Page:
It is a known fact that alcohol and drug addiction have negative impacts on the family’s normal relationship. It can be extremely upsetting knowing that a loved one is caught in a web of addiction. The user tends to be full of conflict and feelings of being torn between wanting to quit and not wanting to leave the exciting sensations from abusing substances. The family experiences an overwhelming sense of guilt for their failure to determine the patterns of addiction. They take up the responsibility and try to fix the situation by covering up the mess instead of seeking expert help.
Watch out for the Patterns of Addiction
- Hard drugs like heroin, cocaine and methamphetamine are considered as one of the most dangerous drugs since they can alter the behaviour of a user with high risks of death, if not provided with the right kind of support and medical intervention through rehabilitation. An individual who is into “hard drugs” tend to isolate himself from society, friends and family.
- Illegal drugs are often mixed with other substances and very often, the user himself is no longer sure about what he is taking. Not only is there a risk of overdose, but adverse reactions like difficulty of breathing, seizure and psychosis in some cases, could manifest as a result of addiction. Hallucinogens make a person disoriented and see things that are non-existent, which makes them very dangerous on the roads or to other people.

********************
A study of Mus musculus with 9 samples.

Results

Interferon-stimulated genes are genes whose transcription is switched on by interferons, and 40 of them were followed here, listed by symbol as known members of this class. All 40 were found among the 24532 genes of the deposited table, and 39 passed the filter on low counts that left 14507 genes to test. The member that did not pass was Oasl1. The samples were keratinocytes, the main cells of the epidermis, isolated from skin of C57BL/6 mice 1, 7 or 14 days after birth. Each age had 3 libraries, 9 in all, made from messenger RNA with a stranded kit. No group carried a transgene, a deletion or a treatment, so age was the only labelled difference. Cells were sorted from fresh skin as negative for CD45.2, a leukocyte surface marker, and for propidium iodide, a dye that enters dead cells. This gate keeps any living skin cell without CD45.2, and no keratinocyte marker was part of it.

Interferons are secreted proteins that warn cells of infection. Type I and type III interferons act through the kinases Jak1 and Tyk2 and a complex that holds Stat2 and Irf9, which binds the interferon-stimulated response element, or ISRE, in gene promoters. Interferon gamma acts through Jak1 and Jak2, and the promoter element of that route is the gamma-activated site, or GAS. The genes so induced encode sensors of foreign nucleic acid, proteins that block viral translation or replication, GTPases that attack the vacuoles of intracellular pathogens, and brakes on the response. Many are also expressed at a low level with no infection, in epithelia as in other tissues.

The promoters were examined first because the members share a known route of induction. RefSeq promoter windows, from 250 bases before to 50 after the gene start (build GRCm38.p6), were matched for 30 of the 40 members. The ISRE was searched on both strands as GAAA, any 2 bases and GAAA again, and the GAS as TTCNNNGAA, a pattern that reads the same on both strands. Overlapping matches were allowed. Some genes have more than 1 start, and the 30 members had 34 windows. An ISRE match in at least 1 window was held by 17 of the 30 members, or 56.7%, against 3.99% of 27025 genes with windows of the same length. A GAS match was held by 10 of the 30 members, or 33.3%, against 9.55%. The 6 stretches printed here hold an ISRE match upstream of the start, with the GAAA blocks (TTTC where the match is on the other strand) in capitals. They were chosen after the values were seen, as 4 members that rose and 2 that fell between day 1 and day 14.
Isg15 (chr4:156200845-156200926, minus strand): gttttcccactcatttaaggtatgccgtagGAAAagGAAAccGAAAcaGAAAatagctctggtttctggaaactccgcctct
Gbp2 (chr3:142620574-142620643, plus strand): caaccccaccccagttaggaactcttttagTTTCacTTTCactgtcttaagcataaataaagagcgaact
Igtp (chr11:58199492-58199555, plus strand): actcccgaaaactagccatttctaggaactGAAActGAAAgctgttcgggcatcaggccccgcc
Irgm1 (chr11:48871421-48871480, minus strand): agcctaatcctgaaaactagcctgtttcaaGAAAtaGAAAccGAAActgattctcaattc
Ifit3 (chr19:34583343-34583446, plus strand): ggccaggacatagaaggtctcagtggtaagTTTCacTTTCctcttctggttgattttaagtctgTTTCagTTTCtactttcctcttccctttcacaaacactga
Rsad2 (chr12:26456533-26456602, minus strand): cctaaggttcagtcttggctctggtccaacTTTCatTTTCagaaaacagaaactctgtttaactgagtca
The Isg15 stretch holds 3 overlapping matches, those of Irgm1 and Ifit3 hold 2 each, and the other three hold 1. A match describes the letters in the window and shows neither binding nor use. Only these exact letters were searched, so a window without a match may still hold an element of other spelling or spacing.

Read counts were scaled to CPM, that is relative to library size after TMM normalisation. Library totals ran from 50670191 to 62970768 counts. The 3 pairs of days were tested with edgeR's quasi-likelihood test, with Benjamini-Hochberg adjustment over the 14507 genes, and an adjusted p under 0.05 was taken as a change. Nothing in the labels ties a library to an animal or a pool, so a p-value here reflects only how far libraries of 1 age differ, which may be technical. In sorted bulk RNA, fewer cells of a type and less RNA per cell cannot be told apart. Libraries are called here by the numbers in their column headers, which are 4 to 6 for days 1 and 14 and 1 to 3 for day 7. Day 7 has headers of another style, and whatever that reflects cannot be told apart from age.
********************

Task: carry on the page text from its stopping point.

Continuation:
- Drug and alcohol use at a very young age is very likely to result in addiction during adulthood. Children and teenagers are very vulnerable and the earlier they start experimenting with alcohol and drugs, the greater are the chances of addiction and the consequences may be particularly severe. Substance abuse among teens is linked to stealing, risky sexual behaviour and poor performance in school.
- Not all teenagers who use drugs desire for a company. They can smoke marijuana or drink alcohol alone. Based on a 2006 Rand Study, solitary alcohol, cigarette and marijuana users are more likely to have substance abuse problems than their peers who consume substances in a social setting. While substance abuse is already a problem, the more it becomes so for solitary users.
- Based on a CASA survey, there are three circumstances that may impact the teenager’s risk factor for engaging in substance abuse: teenage stress, frequency of boredom and the amount of weekly spending money. Teenagers who suffer from stress and frequent boredom have significantly higher risks of using drugs than their counterparts facing less stress and boring moments. With more money to spend on drugs, teenagers tend to face more risks than those who cannot afford drugs in spite of their widespread availability.